Since 2009 the job of top pitcher on the Yankee staff has been taken. From that season through 2011 CC Sabathia has been everything the Yankees hoped for, one of those rare free-agent binges that works out perfectly. CC managed about 230 innings of pitching dominance each of those seasons, perhaps setting an unsustainable standard.
This season has gone differently. After establishing himself as a work horse, Sabathia has had two stints on the DL. His numbers have remained solid, but they are not as strong as they have been. The main drivers of this are a less effective fastball and letting a few more home runs leave the park. The net effect, however, is that CC has given the Yankees fewer innings this season, and the innings he has given them haven’t been quite as strong as they were before.
Enter Hiroki Kuroda. When the Yankees were making noise about signing Kuroda this off season my reaction was muted. Apart from not knowing much about Kuroda, I also didn’t see how large an impact a number two pitcher could have on the Yankees. Except, in the end, the Yankees didn’t wind up signing a number two. It looks like they signed a number one. Did they?
Kuroda has most certainly exceeded all expectations this season. The most important number Kuroda has put up this year is 183.1, the number of innings he has given the Yankees this year. That’s a lot of quality innings, especially when you consider that CC has only pitched 156 innings this year. And they have been quality innings. For his career Kuroda has a 3.37/3.61/3.63 pitching slash line, mostly accumulated in the NL West. In his one season in AL East so far he’s managed a 3.04/3.83/3.70 line. While the FIP and xFIP aren’t lights out, there’s no arguing with the success and the ability to take pressure off the bullpen.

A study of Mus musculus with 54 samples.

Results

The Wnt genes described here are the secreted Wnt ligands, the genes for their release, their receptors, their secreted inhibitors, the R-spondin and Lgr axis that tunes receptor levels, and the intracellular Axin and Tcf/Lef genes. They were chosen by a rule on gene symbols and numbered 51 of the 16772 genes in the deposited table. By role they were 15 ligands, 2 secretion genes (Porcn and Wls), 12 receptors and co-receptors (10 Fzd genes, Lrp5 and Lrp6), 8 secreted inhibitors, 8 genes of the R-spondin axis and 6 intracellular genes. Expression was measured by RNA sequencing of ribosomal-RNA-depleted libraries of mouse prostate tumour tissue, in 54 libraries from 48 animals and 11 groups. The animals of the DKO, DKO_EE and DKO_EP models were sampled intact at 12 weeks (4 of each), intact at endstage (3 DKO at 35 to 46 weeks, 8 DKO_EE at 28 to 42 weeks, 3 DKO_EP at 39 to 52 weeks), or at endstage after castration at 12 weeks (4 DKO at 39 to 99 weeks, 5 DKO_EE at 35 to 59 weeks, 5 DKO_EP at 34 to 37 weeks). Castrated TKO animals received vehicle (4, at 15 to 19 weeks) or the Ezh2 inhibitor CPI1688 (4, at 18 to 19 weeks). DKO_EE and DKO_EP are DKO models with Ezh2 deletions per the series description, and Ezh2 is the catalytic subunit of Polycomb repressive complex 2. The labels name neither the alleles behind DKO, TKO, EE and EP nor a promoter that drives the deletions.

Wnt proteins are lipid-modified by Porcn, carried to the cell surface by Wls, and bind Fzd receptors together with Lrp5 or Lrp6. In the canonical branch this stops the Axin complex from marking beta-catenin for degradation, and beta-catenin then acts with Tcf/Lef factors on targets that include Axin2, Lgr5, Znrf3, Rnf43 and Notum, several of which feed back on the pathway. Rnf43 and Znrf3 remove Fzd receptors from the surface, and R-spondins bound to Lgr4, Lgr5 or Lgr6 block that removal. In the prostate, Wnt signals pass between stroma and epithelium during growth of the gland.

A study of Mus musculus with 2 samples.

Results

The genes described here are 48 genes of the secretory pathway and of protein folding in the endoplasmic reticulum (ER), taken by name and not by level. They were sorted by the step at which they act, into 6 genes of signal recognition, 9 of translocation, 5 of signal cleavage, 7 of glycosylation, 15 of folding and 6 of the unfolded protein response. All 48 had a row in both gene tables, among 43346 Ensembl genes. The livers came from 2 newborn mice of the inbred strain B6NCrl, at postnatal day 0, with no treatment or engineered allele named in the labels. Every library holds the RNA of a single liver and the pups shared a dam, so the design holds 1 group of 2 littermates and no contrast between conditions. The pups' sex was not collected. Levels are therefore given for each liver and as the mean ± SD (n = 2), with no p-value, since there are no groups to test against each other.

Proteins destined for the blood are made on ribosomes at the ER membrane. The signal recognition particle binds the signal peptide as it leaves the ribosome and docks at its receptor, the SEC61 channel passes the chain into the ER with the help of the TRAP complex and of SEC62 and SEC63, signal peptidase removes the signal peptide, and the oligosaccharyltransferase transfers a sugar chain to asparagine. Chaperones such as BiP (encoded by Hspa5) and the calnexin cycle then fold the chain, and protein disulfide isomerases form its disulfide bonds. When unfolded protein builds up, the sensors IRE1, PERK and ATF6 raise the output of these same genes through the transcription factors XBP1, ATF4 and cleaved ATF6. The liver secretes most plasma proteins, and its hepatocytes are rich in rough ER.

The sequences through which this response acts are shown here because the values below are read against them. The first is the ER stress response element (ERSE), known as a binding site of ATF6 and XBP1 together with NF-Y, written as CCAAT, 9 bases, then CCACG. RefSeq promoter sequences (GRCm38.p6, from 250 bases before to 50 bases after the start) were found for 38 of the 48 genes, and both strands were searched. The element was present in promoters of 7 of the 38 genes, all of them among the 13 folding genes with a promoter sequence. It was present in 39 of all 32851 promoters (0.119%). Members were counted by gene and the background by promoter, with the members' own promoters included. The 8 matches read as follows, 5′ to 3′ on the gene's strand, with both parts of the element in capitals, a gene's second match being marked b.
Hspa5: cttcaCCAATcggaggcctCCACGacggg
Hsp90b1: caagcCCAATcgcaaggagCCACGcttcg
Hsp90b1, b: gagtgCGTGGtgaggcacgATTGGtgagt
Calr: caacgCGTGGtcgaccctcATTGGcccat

Kuroda does his damage as a ground ball pitcher (which helps explain the difference between his ERA and peripherals). According to PitchFX his most potent offerings are his sinking fastball and his split fingered fastball, worth 16.2 and 3.7 runs respectively. (Note, that may be a classification error, as those are similar pitches. Kuroda may be manipulating the same basic pitch to break differently.) He also throws a plus slider worth 2.3 runs. The pitches range in speed from 84mph (slider) to 92 mph (sinker).
After taking a closer look at these numbers it becomes clear why Kuroda is an effective ground ball pitcher. His best three offerings are similarly low in the zone, but have different breaks and speeds. It allows him to have a pitch break low in the zone on both sides of the plate. That’s a recipe for a large number of grounders and a fair number of strikeouts as well.
It is not a recipe to produce a tremendous amount of fWAR. In fact, while Kuroda’s season has been recognized as being better than CC’s, Fangraphs doesn’t think so. Fangraphs says that CC has been worth 3.9 fWAR this season while Kuroda has been worth 3.4 fWAR. Given how much emphasis fWAR puts on strikeouts, it makes sense that CC will get the nod here. He’s striking out far more batters than Kuroda (9.06 per nine versus 6.63). Advanced metrics will smile favorably upon that.
For my part I don’t think there’s much argument. While metrics such as FIP and xFIP are valuable, at the end of the day Kuroda has given the Yankees more innings than any other pitcher on the team and allowed fewer runs to score during that time. For those simple reasons he has been the Yankees best pitcher this season. With any luck, he’ll combine with a fully healthy CC to give the Yankees the best 1-2 punch in October they’ve had since 2009.